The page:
Bennington has been without a long-term functioning student government since the 1990s due to the presidency of Elizabeth Coleman. This has been and continues to be a major disappointment to the student body but luckily that disappointment has the potential to end this term. A new shared governance program is being formed through careful deliberation between students, staff, faculty members, and members of the board including a student council for student governance. I sat down with members of the team creating this student council, Sofia Salusso and Muhammed Ammar, to ask them some questions about this process.

The topic of the importance of a student council came up first and Salusso explained, “there’s a lot of valid frustration from the student body and there has been for a long time in regards to how we communicate with the administration… which has led to a lot of resentment”. She went on to say that student governance, “will give us an established and clear way of communicating.” Ammar further explained the reason why the student council has significance to the administration by saying, “there is an accreditation that the college is looking to receive… so that represents a huge opportunity for us… the college has a versed interest in the cause so that it can help them get an accreditation.” This lack of accreditation is what began the efforts to create shared governance in general on the Bennington College campus. If successful, Salusso hopes that, “[the student council] can maybe realize some of the things that this school advertises as being true that maybe aren’t true…it’s just going to be those small inconveniences… hopefully, those feelings won’t be able to build up anymore.” Ammar agreed by saying, “once there is a student government in place and there is more student input in decisions, my hunch is that administrative matters will also be more streamlined… There will be [fewer] issues in the first place coming up for students when students are involved in the decision-making process from the get-go.”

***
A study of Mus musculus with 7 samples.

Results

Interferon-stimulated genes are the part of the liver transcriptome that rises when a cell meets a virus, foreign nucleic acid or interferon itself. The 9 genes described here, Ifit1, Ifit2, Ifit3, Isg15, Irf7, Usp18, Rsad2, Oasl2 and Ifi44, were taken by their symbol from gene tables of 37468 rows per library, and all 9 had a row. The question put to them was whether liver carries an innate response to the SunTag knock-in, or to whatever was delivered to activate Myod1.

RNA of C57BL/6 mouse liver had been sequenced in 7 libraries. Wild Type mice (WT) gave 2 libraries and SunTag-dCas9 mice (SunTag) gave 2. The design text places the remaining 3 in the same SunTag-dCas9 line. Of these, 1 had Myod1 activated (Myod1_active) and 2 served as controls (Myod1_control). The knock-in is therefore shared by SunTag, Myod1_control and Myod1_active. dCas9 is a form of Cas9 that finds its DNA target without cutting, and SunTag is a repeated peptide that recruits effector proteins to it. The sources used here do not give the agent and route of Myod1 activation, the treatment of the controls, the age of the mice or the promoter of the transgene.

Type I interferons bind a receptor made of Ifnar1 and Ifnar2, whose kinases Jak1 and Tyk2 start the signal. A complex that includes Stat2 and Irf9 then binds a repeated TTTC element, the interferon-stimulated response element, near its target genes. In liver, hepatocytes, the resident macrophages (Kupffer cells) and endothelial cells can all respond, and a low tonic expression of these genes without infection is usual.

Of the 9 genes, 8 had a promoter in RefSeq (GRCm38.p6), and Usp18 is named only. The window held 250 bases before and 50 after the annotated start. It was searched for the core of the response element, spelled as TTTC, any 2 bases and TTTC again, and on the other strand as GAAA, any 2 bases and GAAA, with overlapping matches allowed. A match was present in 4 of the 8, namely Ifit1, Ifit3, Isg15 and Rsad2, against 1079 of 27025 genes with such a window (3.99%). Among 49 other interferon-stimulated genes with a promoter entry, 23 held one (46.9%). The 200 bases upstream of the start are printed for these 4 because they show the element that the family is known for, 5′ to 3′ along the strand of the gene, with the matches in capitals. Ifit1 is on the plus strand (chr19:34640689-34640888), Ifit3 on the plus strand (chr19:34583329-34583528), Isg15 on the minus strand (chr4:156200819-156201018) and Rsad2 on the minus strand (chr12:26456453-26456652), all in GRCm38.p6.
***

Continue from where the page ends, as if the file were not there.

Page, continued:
One student that is excited about the opportunity for self-governance is Tanvir Anjum. Anjum states that, “It’s something I’ve been looking for since I came here.” Even though Anjum is a freshman, the need for a student government has already become clear to him. “I think it’s a really great initiative… to represent the interests of the whole student body,” Anjum says. In response to a question about the necessary priorities of a student government, he continued, “I think a student government is a good place to start… I know that… the president will be required to respond to any demands that are put forward by students… in a proper manner with proper reasoning. That should be a primary concern.” The student body seems excited about the opportunity to voice their concerns to the administration and to be able to hold them accountable for their actions.

Salusso on how the student council will work:

“Simple I would say… There are going to be four members that are elected by the body we already have in place from PAC, SEPC, Budget and Events, and House Chairs… There will also be five other members that will be elected by the student body, one of them is specific to the freshman class, and together that group of nine will… be available as a conduit between the student body and the administration.”

Thomas Finegar is a fourth-year studying morally ambiguous characters in theatre through acting and psychology while writing a thesis on the topic this year. Along with being one of the Editors-in-Chief of the Beacon, Thomas is a Drama SEPC representative and a co-leader of the improv team. He is incredibly excited to be working with the Beacon this year and can’t wait to get publishing!